In this week’s Torah reading, Shoftim, Moses discusses impartial justice. For example, don’t play favourites in judicial proceedings, and don’t take bribes. In one of the warnings, the Torah says: ‘don’t recognize faces’, an interesting phrase with a latitude of meaning.
Within the context of a court proceeding, not recognizing faces is clearly saying not to favour someone you know. In other words, look only at the issue and not the person standing there. But, as we are in the month of Elul, a few weeks before Rosh Hashanah, the layered meaning of this phrase becomes relevant. In Elul, we are to assess our past actions, then ask and offer forgiveness to those we have wronged or who have wronged us. The problem is that when we are hurt by someone, we don’t only think of this time, we think of all times in our past when we felt wronged by that person. It’s difficult to think of our pain without thinking of a history of pain.
Given that we accumulate these hurt feelings, it’s now hard to forgive someone without being cynical and thinking it will happen again because of who they are. Now our forgiveness includes our judgments.
The Torah challenges us to approach these moments without ‘recognizing faces’. The focus shifts to the hurt and the attempt to validate and acknowledge what was done through a sincere apology. We are all creatures of habit, and we will continue to hurt others as a natural course of being human. The question is not whether we will do it again –of course we will. The question is whether other people are building biographies of pain around us that activate when they see us. The greater task is to forgive without recognizing faces.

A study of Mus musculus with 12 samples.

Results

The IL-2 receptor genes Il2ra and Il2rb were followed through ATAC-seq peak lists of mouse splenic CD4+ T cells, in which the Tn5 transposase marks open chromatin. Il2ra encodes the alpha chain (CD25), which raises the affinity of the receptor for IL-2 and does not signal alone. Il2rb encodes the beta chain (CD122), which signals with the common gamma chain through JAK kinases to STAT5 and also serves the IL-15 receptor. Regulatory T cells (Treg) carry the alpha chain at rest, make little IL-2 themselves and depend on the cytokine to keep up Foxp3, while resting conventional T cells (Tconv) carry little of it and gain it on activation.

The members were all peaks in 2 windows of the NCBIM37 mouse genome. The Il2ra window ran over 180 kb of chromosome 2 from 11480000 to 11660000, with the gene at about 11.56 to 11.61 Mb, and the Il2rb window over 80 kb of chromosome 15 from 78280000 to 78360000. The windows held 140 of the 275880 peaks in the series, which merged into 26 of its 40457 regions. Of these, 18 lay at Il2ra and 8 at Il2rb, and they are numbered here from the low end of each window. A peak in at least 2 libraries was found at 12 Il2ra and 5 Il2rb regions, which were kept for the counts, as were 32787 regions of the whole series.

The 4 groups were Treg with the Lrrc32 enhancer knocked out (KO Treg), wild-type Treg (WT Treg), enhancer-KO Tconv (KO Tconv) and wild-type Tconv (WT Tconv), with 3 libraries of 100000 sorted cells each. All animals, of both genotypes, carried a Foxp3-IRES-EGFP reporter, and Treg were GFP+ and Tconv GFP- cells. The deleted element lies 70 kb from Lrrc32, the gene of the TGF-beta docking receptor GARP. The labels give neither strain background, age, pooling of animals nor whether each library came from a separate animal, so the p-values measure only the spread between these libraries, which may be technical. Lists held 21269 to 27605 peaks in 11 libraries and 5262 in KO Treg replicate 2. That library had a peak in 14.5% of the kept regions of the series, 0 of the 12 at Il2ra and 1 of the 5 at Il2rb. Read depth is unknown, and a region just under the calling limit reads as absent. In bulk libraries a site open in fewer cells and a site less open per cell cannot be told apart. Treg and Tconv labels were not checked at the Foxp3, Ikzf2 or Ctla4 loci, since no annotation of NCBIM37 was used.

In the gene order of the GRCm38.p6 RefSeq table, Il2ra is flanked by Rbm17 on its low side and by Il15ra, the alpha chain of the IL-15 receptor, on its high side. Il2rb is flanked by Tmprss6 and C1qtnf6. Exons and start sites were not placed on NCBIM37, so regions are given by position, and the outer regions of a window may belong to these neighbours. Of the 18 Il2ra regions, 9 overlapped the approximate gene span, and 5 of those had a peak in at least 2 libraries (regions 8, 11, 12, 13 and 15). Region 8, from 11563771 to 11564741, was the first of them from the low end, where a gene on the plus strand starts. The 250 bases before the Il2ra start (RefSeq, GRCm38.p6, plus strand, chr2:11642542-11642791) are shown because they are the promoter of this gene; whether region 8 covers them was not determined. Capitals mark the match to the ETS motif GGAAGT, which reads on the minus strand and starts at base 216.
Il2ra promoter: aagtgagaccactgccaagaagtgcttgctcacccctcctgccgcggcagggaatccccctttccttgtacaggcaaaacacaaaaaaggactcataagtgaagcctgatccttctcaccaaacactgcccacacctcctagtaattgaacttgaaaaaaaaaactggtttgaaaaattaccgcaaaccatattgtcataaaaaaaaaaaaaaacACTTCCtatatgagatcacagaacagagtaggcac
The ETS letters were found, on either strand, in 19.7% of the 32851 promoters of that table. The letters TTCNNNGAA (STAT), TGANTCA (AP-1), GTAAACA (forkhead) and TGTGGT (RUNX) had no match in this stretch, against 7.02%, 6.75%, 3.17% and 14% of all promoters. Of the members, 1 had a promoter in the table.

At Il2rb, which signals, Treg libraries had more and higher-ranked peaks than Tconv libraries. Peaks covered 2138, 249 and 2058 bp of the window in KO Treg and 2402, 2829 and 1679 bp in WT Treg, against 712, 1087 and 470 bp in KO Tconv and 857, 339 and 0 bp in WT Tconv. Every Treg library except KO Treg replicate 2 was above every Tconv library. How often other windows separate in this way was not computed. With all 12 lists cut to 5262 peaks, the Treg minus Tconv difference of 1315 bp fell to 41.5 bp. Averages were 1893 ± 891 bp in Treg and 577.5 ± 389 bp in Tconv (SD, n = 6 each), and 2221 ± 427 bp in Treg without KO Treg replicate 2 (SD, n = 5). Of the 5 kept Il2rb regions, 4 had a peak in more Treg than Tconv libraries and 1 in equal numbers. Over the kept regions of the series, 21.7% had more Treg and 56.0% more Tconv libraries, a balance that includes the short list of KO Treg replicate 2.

Apologies and forgiveness stand together in a moment in time. The Talmud tells us that true forgiveness means I have let it go, I will not mention it again nor think of it. True forgiveness is a slate wiped clean ready to be written on again. It’s a level few of us achieve, but every year we are invited to do it a bit better than we did before.
I’d like to wish everyone a sweet and peaceful Shabbat –our Jewish time to regroup, rest, and reinvigorate.